CVH nurses contract talks off to slow, bumpy start

ARLINGTON – Contract talks between the union representing nurses at Cascade Valley Hospital and management that merged with Skagit Regional Health in 2015 have gotten off to a slow and bumpy start, but some progress was made Thursday.

The Cascade Valley Nurses Association, representing 104 nurses and the only remaining independent nurses labor union in the state, said management’s proposals have been unacceptable.

Debbie Bartley, a registered nurse who serves on the bargaining unit, said, “We are negotiating in good faith and trust. That is how we have always approached negotiations.”

Talks got underway in November with the new management team post-merger, prior to the current three-year contract that expired Dec. 23, Bartley said. Nurses are working under their previous contract.

In the past, the nurses have been able wrap up contract talks in four meetings.

“We have met at least ten times already, and we’re maybe halfway there,” Bartley said.

She said the team’s key issues are the definition of paid time off, what is construed as full- time employment when nurses can’t work four 12-hour shifts since that would involve overtime, and how pay would be allocated when a nurse comes in on a day off on short notice. How work hours are defined for some nurses could result in receiving part-time, rather than full-time, benefits.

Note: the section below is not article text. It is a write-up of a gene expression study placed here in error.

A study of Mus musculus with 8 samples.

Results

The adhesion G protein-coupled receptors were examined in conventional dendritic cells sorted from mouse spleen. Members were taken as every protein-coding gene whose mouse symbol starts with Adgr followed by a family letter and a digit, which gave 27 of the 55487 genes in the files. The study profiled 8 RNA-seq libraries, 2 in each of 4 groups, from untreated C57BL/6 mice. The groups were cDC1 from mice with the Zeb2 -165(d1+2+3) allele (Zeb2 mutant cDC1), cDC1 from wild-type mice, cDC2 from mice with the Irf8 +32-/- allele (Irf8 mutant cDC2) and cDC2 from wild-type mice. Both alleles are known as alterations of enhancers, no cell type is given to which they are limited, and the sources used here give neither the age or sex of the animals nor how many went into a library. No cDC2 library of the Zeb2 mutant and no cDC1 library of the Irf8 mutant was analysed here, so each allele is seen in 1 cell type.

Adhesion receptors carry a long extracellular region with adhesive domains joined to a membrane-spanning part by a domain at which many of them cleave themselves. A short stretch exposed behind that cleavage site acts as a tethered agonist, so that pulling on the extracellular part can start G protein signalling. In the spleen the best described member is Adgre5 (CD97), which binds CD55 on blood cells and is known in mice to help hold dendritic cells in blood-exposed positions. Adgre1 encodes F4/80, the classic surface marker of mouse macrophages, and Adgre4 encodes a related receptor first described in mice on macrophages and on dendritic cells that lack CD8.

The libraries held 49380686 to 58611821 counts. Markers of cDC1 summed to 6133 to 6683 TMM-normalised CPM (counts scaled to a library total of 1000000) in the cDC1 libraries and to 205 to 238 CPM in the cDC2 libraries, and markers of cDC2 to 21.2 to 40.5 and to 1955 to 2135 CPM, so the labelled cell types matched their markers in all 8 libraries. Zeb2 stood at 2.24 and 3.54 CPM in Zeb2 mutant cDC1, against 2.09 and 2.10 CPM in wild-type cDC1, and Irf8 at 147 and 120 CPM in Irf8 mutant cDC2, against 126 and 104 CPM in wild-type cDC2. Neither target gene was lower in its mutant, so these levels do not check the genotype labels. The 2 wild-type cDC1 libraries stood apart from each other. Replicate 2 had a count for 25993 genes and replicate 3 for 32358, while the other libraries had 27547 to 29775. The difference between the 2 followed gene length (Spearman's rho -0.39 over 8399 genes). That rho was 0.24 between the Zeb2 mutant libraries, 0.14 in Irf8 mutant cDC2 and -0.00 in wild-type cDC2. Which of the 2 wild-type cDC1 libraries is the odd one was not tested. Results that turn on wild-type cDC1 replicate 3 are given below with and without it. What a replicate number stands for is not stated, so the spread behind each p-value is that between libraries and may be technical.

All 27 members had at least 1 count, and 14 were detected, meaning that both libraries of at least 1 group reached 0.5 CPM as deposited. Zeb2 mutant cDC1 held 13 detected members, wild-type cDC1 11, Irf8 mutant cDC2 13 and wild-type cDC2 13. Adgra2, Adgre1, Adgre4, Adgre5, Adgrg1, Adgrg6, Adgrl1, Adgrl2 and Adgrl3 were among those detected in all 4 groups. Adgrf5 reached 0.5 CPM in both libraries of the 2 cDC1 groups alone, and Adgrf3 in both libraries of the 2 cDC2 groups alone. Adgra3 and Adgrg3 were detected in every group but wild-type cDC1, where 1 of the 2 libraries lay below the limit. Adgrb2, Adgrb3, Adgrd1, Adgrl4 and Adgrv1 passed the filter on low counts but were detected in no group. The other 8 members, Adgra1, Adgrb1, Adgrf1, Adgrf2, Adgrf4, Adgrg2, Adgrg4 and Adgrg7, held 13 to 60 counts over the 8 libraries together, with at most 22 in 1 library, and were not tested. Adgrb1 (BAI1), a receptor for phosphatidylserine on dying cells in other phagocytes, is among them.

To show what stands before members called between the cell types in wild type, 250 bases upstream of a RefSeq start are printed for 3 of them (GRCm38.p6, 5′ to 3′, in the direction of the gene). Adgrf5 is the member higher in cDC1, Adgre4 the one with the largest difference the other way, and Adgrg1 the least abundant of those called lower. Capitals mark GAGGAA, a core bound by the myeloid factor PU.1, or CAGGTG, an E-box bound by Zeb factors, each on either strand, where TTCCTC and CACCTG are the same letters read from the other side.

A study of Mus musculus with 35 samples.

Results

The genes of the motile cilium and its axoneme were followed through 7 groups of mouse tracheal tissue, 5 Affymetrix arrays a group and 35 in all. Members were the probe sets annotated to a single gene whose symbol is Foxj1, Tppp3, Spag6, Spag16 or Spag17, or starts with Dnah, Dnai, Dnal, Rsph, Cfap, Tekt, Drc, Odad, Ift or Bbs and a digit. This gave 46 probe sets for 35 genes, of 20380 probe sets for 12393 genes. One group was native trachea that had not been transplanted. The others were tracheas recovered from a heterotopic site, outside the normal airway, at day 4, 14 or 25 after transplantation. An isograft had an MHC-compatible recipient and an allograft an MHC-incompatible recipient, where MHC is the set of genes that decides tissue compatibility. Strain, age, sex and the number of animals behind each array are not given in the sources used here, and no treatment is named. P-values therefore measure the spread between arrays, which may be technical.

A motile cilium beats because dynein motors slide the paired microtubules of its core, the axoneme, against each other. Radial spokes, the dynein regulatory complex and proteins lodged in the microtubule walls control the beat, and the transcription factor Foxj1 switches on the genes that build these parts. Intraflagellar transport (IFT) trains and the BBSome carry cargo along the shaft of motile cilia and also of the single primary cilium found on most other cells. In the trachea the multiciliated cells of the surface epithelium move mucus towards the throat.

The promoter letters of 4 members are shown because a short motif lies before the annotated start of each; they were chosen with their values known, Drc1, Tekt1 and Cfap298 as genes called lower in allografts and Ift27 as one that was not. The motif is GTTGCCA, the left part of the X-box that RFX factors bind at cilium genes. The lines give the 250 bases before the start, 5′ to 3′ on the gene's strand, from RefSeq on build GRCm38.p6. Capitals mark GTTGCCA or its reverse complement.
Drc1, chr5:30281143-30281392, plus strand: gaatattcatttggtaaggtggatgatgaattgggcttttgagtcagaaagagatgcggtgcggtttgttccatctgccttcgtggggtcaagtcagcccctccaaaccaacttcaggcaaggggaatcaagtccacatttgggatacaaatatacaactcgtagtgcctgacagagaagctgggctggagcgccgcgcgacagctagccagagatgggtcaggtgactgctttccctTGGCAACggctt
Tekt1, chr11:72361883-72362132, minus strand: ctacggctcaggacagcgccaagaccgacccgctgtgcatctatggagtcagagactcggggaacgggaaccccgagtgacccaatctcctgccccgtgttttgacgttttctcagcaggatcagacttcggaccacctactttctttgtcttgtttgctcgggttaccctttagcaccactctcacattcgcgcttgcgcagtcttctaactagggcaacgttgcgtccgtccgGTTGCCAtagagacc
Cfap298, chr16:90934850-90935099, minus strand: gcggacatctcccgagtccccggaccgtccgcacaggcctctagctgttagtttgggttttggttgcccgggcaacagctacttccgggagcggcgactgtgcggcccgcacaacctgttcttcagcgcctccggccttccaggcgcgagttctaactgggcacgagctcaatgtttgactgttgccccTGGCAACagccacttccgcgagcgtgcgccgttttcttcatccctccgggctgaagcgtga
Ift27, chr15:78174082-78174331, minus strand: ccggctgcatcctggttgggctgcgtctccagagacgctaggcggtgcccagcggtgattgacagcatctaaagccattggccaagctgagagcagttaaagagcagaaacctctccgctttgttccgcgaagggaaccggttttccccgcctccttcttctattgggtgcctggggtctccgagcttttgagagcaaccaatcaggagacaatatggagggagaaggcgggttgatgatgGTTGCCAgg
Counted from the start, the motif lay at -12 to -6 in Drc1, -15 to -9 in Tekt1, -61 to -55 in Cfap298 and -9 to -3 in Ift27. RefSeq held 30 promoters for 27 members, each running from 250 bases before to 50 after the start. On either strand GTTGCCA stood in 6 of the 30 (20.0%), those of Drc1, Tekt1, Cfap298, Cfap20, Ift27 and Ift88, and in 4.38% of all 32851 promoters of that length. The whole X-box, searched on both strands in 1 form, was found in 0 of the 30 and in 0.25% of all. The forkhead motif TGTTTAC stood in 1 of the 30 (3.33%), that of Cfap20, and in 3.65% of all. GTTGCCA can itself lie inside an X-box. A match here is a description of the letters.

Another important issue is dependent medical coverage, Bartley said. Technically, nurses have an option for it that amounts to about 75 cents on the hour put toward coverage, but Skagit wants to do away with it and not add any kind of dependent coverage.

Management also doesn’t favor another three-year contract, Bartley said. They are pitching one-year, followed by a two-year contract.

In a statement from Skagit Regional Health, Deborah Martin, Regional Vice President of Human Resources said, “The ongoing process for negotiating the succession labor contract between Skagit Regional Health and the Registered Nurses working at Cascade Valley Hospital is consistent with the labor negotiation processes for Skagit Regional Health’s other labor contracts.

“This process is a departure from the process used before the RNs became employees of Skagit Regional Health. We understand that the change in process is challenging and we appreciate the RNs commitment to achieving a contract with Skagit Regional Health.”

In talks, said Bartley, management has pointed to costs related to the merger, and an expensive new network computer system that the hospital needs to install to keep pace with changes in the hospital industry.

Cascade Valley nurses don’t want to see a repeat of negotiations in 2014 that dragged on for almost a year and wound up in mediation.